Discraft’s putting whiz eclipses 1040 rating, eyeing big season
February 10, 2021 by Jonah Lynne in Interview with 0 comments
Adam Hammes is looking to catch fire in 2021, and his first two tournaments of the year have set the tone. He took down the Shelly Sharpe Memorial on the famed Vista Del Camino course with a 1091 rated final round, followed by a win at the 8th annual Maricopa Open, with a 1075 rated final round. These stellar performances are a repeat of Hammes’s 2020 season start, where he was victorious in both tournaments.
Ultiworld Disc Golf spoke with Hammes about his re-established confidence and how he plans to continue his hot start.
“It feels really good,” he said. “…Last year, we got shut down by COVID, and I just didn’t really get to finish off what I started, so I was kind of disappointed. I was really excited to come out this year and have the exact same start as I did last year.”
Hammes won both tournaments with astronomical putting performances, punctuated by a massive 60 foot birdie on day two at Maricopa. That’s no surprise, as he has developed a reputation for being one of the best putters on tour, most notably when he nearly took down the 2019 Hall of Fame Classic at W.R. Jackson in Georgia with a series of stellar putts both inside and outside the circle.
“I have a lot of confidence on the putting green,” said Hammes. “I feel that I’m just gifted with it…When I step up to putts, I keep my pre-shot routine the same every single time. Stepping up and knowing you’re going to make it is the biggest key.”
The Discraft Focus has become Hammes’ mainstay as a putter. He feels that the Focus “is the perfect disc. It’s everything I look for in a putter, and Discraft gave me the opportunity to make it in a plastic that suited my hand and my feel. That gives me a lot of confidence in my putters.”
Despite being known as a bit of a “hothead” in his own words, Hammes made a goal for this season to be more collected on the course. “This offseason I really wanted to focus on being more calm on the course,” he said. “People have told me, ‘If you fix that head, you’ll be deadly,’ so I spent a lot of time focusing on being chill and taking every round as it is.”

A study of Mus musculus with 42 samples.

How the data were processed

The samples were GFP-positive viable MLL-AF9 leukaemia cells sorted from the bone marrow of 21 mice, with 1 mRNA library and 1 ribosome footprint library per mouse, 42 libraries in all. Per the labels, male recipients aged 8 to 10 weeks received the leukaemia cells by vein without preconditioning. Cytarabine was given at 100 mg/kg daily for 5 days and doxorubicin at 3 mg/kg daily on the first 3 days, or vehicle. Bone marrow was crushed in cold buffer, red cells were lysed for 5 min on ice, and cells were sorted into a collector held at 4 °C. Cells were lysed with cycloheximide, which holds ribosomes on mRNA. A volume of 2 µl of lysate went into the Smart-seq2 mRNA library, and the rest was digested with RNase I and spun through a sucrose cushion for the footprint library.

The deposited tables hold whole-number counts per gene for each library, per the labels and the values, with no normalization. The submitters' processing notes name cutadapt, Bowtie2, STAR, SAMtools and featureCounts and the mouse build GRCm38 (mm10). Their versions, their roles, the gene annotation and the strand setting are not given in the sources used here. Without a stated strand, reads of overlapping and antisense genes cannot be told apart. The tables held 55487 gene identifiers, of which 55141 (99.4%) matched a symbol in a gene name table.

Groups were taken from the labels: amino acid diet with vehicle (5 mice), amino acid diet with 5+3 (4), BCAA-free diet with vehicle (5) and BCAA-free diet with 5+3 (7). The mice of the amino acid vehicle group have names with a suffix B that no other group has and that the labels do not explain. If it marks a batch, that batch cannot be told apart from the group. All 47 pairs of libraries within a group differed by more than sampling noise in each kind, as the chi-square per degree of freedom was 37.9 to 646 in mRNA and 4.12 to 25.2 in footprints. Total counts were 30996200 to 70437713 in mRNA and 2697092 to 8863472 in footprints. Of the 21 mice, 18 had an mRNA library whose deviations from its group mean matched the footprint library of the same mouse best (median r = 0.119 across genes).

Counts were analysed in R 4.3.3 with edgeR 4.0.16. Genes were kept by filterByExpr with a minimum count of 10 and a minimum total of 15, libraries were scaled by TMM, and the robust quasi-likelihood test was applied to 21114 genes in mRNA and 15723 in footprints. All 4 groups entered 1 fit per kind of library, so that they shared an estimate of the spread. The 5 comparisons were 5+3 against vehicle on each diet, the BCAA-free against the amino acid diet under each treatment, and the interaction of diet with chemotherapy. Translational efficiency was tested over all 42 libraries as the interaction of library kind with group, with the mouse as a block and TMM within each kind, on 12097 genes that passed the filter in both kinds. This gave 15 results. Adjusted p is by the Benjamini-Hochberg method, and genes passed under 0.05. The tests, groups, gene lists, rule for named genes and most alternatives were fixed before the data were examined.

Despite his early success, recent years serve as a reminder of Hammes’s lack of a breakout performance during the full touring season: his best Disc Golf Pro Tour finish in 2020 was 5th at Idlewild. However, Hammes feels more confident than in previous years, especially because he feels his offseason has been extremely productive. “I know a lot of pros don’t play as much during the offseason. I think the offseason is a great time to just grind. It’s the time to grow and get as best you can. It’s just you and the course during the offseason, so I try to take advantage of that,” he said.
Hammes also alluded to plans for continuing to grow his momentum, pointing out that he “needs to be playing a lot.” For him, having multiple reps and developing the muscle memory creates confidence in his game for every shot. “I feel equally confident in my backhand and forehand right now, although I haven’t depended on my backhand too much recently.” Hammes added that he feels like he has a top-level sidearm with his consistency and confidence.
Just like Hammes’s confidence, disc golf has experienced some dramatic growth in the last 12 months, thanks in part to the boundaries that COVID-19 placed on indoor activities and many team sports.
Hammes attributed some of the growth to the sport’s social media growth. However, he feels that focusing on his performance and reaching the top of the sport is his number one priority. “I haven’t really tapped into the YouTube game, but that’s because I really want to focus on my game,” Hammes said. “I feel that creating YouTube content would take away time from me playing and getting better, but I definitely plan on doing that in the future.”
This growth is not limited to just the community but also to the expanding field of top competitors. Hammes is part of a large crop of young talent in MPO alongside Eagle McMahon, Calvin Heimburg, Anthony Barela, and Kyle Klein. He says that younger disc golfers “are what push the sport.” Hammes also acknowledged that there is a lack of young people as fans, and youthful minds will help disc golf with the transition towards becoming a 21st century sport.
Hammes is hopeful that his focus and determination will allow him to get to that next level he has been chasing. His approach is already beginning to pay off, as he reached a PDGA rating career high of 1040 this past week, a key milestone for the elite tier of MPO competition.
Adam Hammes will start his regular season at the Las Vegas Challenge, the first stop on the Disc Golf Pro Tour.